Polish composer/conductor Stanislaw Skrowaczewski became Music Director of the Minnesota Orchestra (then the Minneapolis Symphony) in 1960 at the age of 37, just two years after his North American debut with the Cleveland Orchestra. He held the position until 1979, when he left to concentrate on composition.
Skrowaczewski brings a sensuous touch to the Pavane, with gentle horn playing and wonderfully relaxed phrasing that shapes the piece and never drags or descends into schmaltz. He clearly has a sympathetic connection to Ravel, clearly understanding the composer’s intentions and inspiring his orchestra to realize his vision.
The Rapsodie Espagnole, with its muted strings and delicate colors, emerges as a work of great integrity, demonstrating the conductor’s subtle command of the orchestra. But the most impressive performance here is of the technically difficult La Valse. The extraordinarily complex orchestration demands the clear bass resolution and layering of low-level detail for which SACD is so much better-suited than Red Book, and the players deliver superbly. The atmospherics, swirls of energy and hints of danger and passion come through beautifully in this gutsy performance. The orchestra plays as one man under Skrowaczewski's baton, and I found myself wishing I had been there to witness this inspiring performance for myself.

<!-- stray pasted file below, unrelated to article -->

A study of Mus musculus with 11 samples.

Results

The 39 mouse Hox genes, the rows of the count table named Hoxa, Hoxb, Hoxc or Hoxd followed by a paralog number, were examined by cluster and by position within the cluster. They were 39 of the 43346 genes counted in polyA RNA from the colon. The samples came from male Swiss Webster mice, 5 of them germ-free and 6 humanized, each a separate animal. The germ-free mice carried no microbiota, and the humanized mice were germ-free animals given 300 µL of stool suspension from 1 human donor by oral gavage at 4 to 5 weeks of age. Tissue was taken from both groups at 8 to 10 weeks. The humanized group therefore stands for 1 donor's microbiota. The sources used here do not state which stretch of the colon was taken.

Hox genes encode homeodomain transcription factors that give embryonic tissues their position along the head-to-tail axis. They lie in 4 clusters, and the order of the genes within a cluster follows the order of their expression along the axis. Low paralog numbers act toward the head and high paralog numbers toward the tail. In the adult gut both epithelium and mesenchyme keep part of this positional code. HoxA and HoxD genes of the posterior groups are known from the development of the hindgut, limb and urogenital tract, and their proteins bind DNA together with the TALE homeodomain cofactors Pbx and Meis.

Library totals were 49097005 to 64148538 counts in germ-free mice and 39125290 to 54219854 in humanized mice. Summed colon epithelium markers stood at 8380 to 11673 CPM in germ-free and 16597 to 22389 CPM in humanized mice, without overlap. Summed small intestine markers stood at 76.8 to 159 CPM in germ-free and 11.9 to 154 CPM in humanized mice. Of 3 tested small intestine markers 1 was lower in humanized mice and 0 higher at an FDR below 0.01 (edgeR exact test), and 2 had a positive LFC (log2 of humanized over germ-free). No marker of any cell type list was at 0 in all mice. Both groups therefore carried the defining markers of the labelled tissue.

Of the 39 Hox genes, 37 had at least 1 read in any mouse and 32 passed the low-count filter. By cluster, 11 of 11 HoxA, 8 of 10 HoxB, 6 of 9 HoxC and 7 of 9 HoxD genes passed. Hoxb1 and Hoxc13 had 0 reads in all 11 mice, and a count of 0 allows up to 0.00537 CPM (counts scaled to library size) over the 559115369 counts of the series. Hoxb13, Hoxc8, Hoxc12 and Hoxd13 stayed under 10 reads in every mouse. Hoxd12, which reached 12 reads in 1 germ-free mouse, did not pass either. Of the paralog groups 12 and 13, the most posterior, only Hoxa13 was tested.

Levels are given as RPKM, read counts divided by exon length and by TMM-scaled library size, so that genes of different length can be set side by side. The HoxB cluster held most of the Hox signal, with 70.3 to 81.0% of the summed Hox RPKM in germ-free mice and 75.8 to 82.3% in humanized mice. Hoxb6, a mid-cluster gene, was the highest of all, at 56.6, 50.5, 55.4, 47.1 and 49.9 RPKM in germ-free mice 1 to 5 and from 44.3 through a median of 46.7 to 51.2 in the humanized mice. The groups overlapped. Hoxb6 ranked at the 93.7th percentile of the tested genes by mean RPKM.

As additional tracks, not issued on the original quadraphonic LP, we get a splendid and most intimate performance of Suite No. 3 from Daphnis et Chloé, plus a 5.0 mix of a short extract from the same work.
The original four-track Vox recording from November 1974 is presented here on the Mobile Fidelity label in two-channel and four-channel SACD, plus Red Book stereo. The sound is spacious, warm and clear, but rather laid back and not especially dynamic, except in La Valse and Bolero. Unfortunately the top and especially the bottom end were rolled off before the signal went to tape "to avoid boominess." Despite the imperfections of the recording, this disc captures the essence of this most impressionistic music, and this carefully engineered SACD release is a valuable contribution to the hi-res repertoire.